Sex-Offender Porn Ban Passes First Legislative Hurdle posted on 12/10/13
by RYAN BENK | WFSU
Lakeland Republican Senator Kelli Stargel petitioned her colleagues in the Senate Criminal Justice Committee to broaden an existing ban on pornography. The law already prohibits sex-offenders from viewing or possessing pornography related to their conviction. Florida Action Committee President Gail Colletta agreed reforms to sex offender statutes are needed but questioned the senator’s approach.
“Why is that if we’re trying to change the behaviors and we want these individuals to act more mainstream and more normal and have more normal sexual interests, are we going to prohibit them from having access to materials that are considered mainstream and normal?” Colletta said in a phone interview Monday.
Weekly Roundup: A Week on the Battlefields of the Past posted on 12/9/13
by BRANDON LARRABEE | News Service of Florida
You could be forgiven for looking around and wondering whether you've stepped back in time a year or two -- or even further.
The gambling discussions that have tied the Florida Legislature in knots over the last several years keep coming up. Gov. Rick Scott and Secretary of State Ken Detzner are still tangling with elections supervisors over voting procedures.
And, at least in one corner of the state, Union soldiers are still the least popular people around.
On most of the issues, there at least appears to be some movement. Suggestions by House Speaker Will Weatherford, R-Wesley Chapel, on how to move gambling legislation forward might help prod his reluctant chamber to action. And Detzner and Pinellas County Superintendent Deborah Clark have defused their conflict over where absentee ballots can be returned in an upcoming congressional special election.
As for the Civil War? In some ways, it's still raging 150 years after it was fought for the first time. Why would it end now?
Supreme Court takes up medical marijuana case posted on 12/5/13
by JAMES L. ROSICA | Tampa Tribune
TALLAHASSEE — The battle over medical marijuana moves to the state’s highest court today, when advocates argue for and against the state’s proposed ballot question.
The measure aims to create a state constitutional amendment, to be voted on in 2014, decriminalizing marijuana to treat “debilitating conditions” such as AIDS, cancer, glaucoma, Parkinson’s disease and other illnesses.
The fight before the justices is technical, centering on whether the ballot summary is clear and accurate.
People United for Medical Marijuana, the committee behind the initiative and led by personal-injury attorney John Morgan, thinks it is. Morgan is friend and recent employer to Charlie Crist, now Democratic candidate for governor.
Attorney General Pam Bondi, who joined with the Republican-majority Legislature to oppose the measure, argues the language is misleading and would make Florida “one of the most lenient medical-marijuana states.”
Twenty states and the District of Columbia have decriminalized medical marijuana under state law, according to the National Conference of State Legislatures.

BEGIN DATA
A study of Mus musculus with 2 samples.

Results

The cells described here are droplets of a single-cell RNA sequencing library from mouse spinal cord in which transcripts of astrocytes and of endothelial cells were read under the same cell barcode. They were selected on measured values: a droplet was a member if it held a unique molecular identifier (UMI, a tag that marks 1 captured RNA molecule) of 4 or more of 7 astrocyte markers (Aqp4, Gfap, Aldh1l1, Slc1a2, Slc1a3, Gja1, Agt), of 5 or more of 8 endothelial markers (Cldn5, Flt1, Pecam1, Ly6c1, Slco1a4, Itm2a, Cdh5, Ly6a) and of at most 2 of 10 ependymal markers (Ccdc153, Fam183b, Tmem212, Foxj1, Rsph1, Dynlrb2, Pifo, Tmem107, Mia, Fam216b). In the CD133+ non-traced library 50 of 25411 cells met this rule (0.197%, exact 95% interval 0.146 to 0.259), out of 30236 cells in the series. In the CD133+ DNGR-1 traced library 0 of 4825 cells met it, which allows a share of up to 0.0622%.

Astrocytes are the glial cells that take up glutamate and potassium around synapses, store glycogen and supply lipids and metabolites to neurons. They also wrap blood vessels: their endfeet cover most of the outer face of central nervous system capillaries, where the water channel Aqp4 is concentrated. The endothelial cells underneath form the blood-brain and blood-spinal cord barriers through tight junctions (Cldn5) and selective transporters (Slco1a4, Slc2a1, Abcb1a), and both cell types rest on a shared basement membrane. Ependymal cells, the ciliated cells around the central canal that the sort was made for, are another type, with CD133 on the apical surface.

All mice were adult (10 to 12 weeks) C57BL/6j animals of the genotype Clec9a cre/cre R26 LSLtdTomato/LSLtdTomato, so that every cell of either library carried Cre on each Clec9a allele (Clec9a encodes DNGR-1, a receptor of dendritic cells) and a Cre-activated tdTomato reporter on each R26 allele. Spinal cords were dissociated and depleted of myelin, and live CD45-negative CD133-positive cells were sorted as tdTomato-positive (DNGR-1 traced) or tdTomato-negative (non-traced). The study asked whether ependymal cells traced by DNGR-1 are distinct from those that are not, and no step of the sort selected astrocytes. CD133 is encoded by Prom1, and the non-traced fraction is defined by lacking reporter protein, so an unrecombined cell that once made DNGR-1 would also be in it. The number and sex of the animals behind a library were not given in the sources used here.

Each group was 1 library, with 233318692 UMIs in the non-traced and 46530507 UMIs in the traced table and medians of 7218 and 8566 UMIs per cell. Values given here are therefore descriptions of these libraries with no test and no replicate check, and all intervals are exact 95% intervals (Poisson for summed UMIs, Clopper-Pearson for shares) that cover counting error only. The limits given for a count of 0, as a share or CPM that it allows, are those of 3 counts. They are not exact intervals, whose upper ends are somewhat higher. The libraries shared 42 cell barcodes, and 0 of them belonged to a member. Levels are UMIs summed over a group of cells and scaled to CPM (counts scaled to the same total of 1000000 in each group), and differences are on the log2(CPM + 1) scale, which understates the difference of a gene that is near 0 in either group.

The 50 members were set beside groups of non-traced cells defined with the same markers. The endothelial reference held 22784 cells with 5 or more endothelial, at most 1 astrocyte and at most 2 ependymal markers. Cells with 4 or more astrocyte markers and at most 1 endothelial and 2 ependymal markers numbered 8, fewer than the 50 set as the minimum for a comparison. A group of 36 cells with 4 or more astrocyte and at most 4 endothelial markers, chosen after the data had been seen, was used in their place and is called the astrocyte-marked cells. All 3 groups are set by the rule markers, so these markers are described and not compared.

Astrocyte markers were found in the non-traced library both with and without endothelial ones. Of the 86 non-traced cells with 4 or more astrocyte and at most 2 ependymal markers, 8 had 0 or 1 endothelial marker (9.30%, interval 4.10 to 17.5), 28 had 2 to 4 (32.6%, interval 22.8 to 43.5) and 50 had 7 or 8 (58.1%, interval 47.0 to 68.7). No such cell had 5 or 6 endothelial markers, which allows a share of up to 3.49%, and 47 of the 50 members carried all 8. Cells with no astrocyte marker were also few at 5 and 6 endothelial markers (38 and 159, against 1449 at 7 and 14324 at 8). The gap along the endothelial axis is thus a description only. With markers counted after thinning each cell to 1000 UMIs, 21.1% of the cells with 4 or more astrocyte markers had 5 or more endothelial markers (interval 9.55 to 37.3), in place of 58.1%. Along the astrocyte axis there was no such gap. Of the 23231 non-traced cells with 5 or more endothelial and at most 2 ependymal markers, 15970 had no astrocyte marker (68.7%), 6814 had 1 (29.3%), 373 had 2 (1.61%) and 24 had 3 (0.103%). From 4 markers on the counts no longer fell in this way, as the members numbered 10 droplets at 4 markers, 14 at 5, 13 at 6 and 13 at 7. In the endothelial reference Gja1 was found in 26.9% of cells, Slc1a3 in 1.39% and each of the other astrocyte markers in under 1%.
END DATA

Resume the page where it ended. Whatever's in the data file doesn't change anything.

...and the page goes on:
A ruling by the Florida Supreme Court against the initiative likely will be fatal to the effort to get it on the ballot in time for the 2014 election. The state’s constitution requires a decision no later than April 1.
As of Monday, the state’s Division of Elections reported 133,296 valid signatures toward the 683,149 needed by February to get the initiative on the ballot. There were 14,198 signatures from Hillsborough County, 10,163 from Pinellas and 3,673 from Pasco.
Rod Sullivan, a constitutional law professor at Jacksonville’s Florida Coastal School of Law, said Bondi’s argument is the stronger. He predicts defeat for the pro-marijuana forces.
by JESSICA PALOMBO | WFSU
Organizers of the first-ever Christmas nativity scene erected in the Florida Capitol building today say the display is meant to demonstrate religious freedom guaranteed by the U.S. Constitution. But the American Civil Liberties Union warns the state risks lawsuits if it doesn’t allow all religious displays.
Local fifth-graders sang carols at the unveiling of the nativity, which is funded with private donations and sponsored by the Thomas More Society, a Chicago-based law firm specializing in religious freedom cases.
Florida legislator sued after dog bites student in face posted on 12/3/13
by GARY FINEOUT | AP
TALLAHASSEE – A Florida legislator has been sued over his pet dog biting someone in the face at a restaurant near the state Capitol.
Christopher Kent filed a lawsuit last week in Leon County against Rep. Matt Gaetz, R-Fort Walton Beach. Gaetz is the son of Senate President Don Gaetz, R-Niceville, and recently held a lengthy legislative hearing over a proposal to repeal the state’s contentious “stand your ground” law.
Kent’s lawsuit alleges that Gaetz’s dog bit him last May. The lawsuit contends the dog bite left Kent in pain, disfigured and with injuries that ultimately forced him to withdraw from law school. He said part of the reason he quit the University of Michigan is that the treatment has forced him to take antibiotics that cause stomach problems.
The lawsuit asks for payment of medical bills and damages connected to the bite, but it does not list an amount.